Science Daily listens close to baby humpback whales whispering to their mothers:
Ecologists from Denmark and Australia used temporary tags on humpback mothers and their calves in Exmouth Gulf off western Australia to learn more about the first months of a humpback’s life.
According to lead author Simone Videsen of the University of Aarhus: “We know next to nothing about the early life stages of whales in the wild, but they are crucial for the calves’ survival during the long migration to their feeding grounds.”
Together with colleagues from Murdoch University, Videsen tagged eight calves and two mothers. To capture the faint sounds of the calves, they used special tags developed by the University of St Andrews.
The tags attach to whales via suction cups and record sounds made and heard by whales, along with their movements, for up to 48 hours before detaching to float at the surface.
The recordings also revealed that newborn humpbacks communicate with their mothers using intimate grunts and squeaks — a far cry from the loud, haunting song of the male humpback whale.
The data tags showed that these quiet calls usually occurred while whales were swimming, suggesting they help mother and calf keep together in the murky waters of Exmouth Gulf. “We also heard a lot of rubbing sounds, like two balloons being rubbed together, which we think was the calf nudging its mother when it wants to nurse,” says Videsen.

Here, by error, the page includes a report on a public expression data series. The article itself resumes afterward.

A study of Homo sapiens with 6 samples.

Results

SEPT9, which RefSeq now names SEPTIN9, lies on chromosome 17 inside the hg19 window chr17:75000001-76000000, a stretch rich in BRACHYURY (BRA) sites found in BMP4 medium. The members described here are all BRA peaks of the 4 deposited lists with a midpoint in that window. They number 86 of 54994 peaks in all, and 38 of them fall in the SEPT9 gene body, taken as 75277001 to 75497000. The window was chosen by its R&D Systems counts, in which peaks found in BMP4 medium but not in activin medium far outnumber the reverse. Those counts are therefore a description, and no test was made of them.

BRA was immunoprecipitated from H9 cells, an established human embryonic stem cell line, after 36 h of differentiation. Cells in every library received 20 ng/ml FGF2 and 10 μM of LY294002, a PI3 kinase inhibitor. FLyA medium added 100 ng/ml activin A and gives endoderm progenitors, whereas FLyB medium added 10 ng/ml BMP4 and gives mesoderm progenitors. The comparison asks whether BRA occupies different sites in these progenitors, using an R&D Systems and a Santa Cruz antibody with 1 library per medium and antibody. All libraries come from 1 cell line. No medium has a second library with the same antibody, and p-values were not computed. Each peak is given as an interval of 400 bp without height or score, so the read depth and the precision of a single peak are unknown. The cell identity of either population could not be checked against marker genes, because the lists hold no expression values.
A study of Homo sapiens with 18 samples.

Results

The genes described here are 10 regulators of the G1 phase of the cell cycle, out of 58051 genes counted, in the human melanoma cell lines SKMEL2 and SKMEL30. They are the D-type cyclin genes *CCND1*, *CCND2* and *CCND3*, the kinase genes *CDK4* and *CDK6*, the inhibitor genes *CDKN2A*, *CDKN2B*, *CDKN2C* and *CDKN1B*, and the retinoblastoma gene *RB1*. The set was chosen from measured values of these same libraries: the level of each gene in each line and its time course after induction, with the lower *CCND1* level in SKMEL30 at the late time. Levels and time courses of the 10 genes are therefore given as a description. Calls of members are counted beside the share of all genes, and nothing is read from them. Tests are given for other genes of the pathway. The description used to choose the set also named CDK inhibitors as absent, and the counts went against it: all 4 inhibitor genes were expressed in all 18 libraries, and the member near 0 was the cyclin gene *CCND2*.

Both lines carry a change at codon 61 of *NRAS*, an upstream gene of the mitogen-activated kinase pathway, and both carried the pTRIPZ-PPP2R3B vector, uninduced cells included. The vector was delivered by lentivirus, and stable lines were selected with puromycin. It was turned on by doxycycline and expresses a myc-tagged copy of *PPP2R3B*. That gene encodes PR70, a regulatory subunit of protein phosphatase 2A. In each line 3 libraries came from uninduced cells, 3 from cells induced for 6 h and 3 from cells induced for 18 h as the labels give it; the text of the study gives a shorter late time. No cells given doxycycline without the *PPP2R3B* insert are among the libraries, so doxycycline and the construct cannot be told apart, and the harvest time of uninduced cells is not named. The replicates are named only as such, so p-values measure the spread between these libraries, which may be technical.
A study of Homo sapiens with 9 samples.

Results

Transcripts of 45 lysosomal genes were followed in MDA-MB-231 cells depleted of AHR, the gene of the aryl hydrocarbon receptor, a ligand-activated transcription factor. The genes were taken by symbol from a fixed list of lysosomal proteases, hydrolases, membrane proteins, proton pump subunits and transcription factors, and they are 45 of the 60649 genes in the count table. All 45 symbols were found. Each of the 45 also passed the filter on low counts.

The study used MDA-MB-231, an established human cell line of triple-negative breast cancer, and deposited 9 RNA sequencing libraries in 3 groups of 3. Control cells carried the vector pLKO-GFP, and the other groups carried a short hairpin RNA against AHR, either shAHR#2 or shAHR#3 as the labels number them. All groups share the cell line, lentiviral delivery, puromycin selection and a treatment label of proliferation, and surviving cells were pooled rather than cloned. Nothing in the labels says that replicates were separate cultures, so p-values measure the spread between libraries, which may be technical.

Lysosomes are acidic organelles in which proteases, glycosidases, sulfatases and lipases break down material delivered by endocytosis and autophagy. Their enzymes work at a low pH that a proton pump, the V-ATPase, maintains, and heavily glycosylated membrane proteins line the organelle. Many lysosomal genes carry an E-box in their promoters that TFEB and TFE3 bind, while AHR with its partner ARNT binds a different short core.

Such quiet communication helps reduce the risk of being overheard by killer whales nearby, she believes: “Killer whales hunt young humpback calves outside Exmouth Gulf, so by calling softly to its mother the calf is less likely to be heard by killer whales, and avoid attracting male humpbacks who want to mate with the nursing females.”
The findings will help conserve this important humpback habitat and — crucially — ensure these nursery waters are kept as quiet as possible.